Issue/Source: PROHIBITIONS FOR PLEASURE CRAFT AND CRUISE SHIPS
Date: FEBRUARY 2021
- The safety and security of the travelling public and the transportation system are Transport Canada’s top priorities.
- Transport Canada is restricting cruise vessels in Canadian waters and pleasure craft in Canadian arctic waters until February 28, 2022.
- These restrictions allow public health authorities to continue focusing on the most pressing issues, including the vaccine rollout and new COVID-19 variants.
- Should the COVID-19 pandemic sufficiently improve to allow the resumption of these activities, the Minister of Transport has the ability to rescind these measures.
- Cruise ships represent a very high-risk medium for viral transmission of COVID-19 and present in Canadian waters pose a risk to our health care systems.
- Canadian communities remain vulnerable to the COVID-19 virus: already taxed health care infrastructure can be easily overwhelmed by an outbreak on board a ship.
- For any decisions with respect to these orders, Transport Canada will work with the Public Health Agency of Canada, other levels of government, health officials, transportation industry stakeholders, Indigenous and Inuit peoples, and affected communities
- First announced in March 2020, and then extended in October 2020, Transport Canada prohibited the operation of pleasure craft and cruise.
- The current Interim Order No.2 prohibits pleasure craft from operating in Canadian Arctic waters - waters north of 60 degrees, and the territorial sea surrounding Nunatsiavut, Nunavik and the Labrador Coast.
- The current Interim Order No.4 prohibits cruise ships with overnight accommodations and certified to carry more than 100 people from operating in Canadian waters, and prohibits passenger vessels certified to carry more than 12 people from operating the Arctic waters.
- Both of these measures will expire on February 28, 2021.
- On February 4, 2021, Transport Canada has announced a new set of measures that will come into effect on March 1, 2021 and will prohibit pleasure craft and cruise vessels in all Canadian waters and smaller passenger vessels in Canadian Arctic waters. These measures were supported by the Special Advisory Committee on COVID-19 (federal/ provincial/territorial health officials), who were in full support of an extended prohibition. They are also further supported by Indigenous and Inuit groups across Canada.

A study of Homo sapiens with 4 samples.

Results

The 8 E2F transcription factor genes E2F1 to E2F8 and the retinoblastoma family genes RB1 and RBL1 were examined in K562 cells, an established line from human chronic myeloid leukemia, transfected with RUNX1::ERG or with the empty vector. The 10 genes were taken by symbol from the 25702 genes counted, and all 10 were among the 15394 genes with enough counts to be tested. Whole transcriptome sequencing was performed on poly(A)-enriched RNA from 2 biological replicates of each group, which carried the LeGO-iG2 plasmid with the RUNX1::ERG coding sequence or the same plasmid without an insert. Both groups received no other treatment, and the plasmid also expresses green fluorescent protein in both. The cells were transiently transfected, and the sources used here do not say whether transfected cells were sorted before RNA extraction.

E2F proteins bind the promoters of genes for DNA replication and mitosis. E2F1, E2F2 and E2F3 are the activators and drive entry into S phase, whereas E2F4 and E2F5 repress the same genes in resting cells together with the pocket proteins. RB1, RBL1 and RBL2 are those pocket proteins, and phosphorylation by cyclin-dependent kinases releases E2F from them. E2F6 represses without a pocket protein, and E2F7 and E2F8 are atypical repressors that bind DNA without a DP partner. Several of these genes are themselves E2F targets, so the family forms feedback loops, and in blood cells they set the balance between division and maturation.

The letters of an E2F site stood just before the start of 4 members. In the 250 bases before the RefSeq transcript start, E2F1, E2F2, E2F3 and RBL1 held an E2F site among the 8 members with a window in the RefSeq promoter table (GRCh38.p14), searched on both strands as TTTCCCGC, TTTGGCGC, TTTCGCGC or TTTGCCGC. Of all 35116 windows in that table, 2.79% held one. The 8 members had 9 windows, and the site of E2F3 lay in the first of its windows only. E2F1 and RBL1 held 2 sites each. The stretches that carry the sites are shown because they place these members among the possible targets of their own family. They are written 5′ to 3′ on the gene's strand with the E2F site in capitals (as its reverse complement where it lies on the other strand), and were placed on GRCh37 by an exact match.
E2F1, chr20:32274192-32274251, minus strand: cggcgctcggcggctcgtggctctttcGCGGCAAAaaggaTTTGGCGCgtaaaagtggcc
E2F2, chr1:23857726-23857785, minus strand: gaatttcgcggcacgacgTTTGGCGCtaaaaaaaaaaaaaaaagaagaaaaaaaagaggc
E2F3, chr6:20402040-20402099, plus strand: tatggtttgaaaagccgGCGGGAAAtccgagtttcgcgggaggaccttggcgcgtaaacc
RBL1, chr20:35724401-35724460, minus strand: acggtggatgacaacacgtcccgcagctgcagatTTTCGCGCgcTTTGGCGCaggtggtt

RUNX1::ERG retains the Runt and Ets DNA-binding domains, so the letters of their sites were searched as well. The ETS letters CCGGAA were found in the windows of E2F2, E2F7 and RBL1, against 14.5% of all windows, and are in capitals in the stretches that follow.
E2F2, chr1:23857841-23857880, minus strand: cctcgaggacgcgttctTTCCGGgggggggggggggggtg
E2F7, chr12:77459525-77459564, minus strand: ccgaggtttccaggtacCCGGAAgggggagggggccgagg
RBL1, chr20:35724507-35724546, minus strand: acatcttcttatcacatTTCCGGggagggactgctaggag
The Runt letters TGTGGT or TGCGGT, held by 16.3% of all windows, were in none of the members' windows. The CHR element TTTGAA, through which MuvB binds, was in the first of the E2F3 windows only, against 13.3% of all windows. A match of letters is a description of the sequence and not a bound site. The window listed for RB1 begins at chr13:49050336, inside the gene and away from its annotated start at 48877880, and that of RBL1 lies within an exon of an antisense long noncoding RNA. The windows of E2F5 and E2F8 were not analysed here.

- Interim Order No.3 will prohibit pleasure craft from operating in Canadian Arctic waters - waters north of 60 degrees, and the territorial sea surrounding Nunatsiavut, Nunavik and the Labrador Coast.
- Interim Order No.5 will prohibit cuise ships with overnight accommodations and certified to carry more than 100 people from operating in Canadian waters. It will also prohibit passenger vessels certified to carry more then 12 people to enter Arctic coastal waters, including Nunatsiavut, Nunavik, and the Labrador Coast.
- Both of these Interim Orders will expire on February 28, 2022.
- Under the Interim Orders:
- Adventure-seeking pleasure craft are prohibited from entering Arctic waters.
- Pleasure craft used by local Arctic residents are not affected by these measures.
- Passenger vessels carrying more than 12 people are prohibited from entering Arctic coastal waters, including Nunatsiavut, Nunavik, and the Labrador Coast.
- Cruise vessels carrying 100 or more people are prohibited from operating in Canadian waters.
- Essential passenger vessels, such as ferries and water taxis, should follow public health guidance and protocols, as well as mitigation measures, to reduce the risk of spreading COVID-19. These could include: reducing the number of passengers, ensuring physical distancing, the wearing of masks, and enhanced cleaning and hygiene measures.
- Cruise ships without passengers may apply 60 days in advance for an exemption to come to Canada for fuel, supplies, longer term storage, and planned crew change requests. In reviewing the decision to grant any exemptions, Transport Canada will work extensively with the Public Health Agency of Canada, other levels of government, health officials, transportation industry stakeholders, Indigenous and Inuit peoples, and affected communities.
- Technical stops for cruise ships with passengers are not allowed at this time.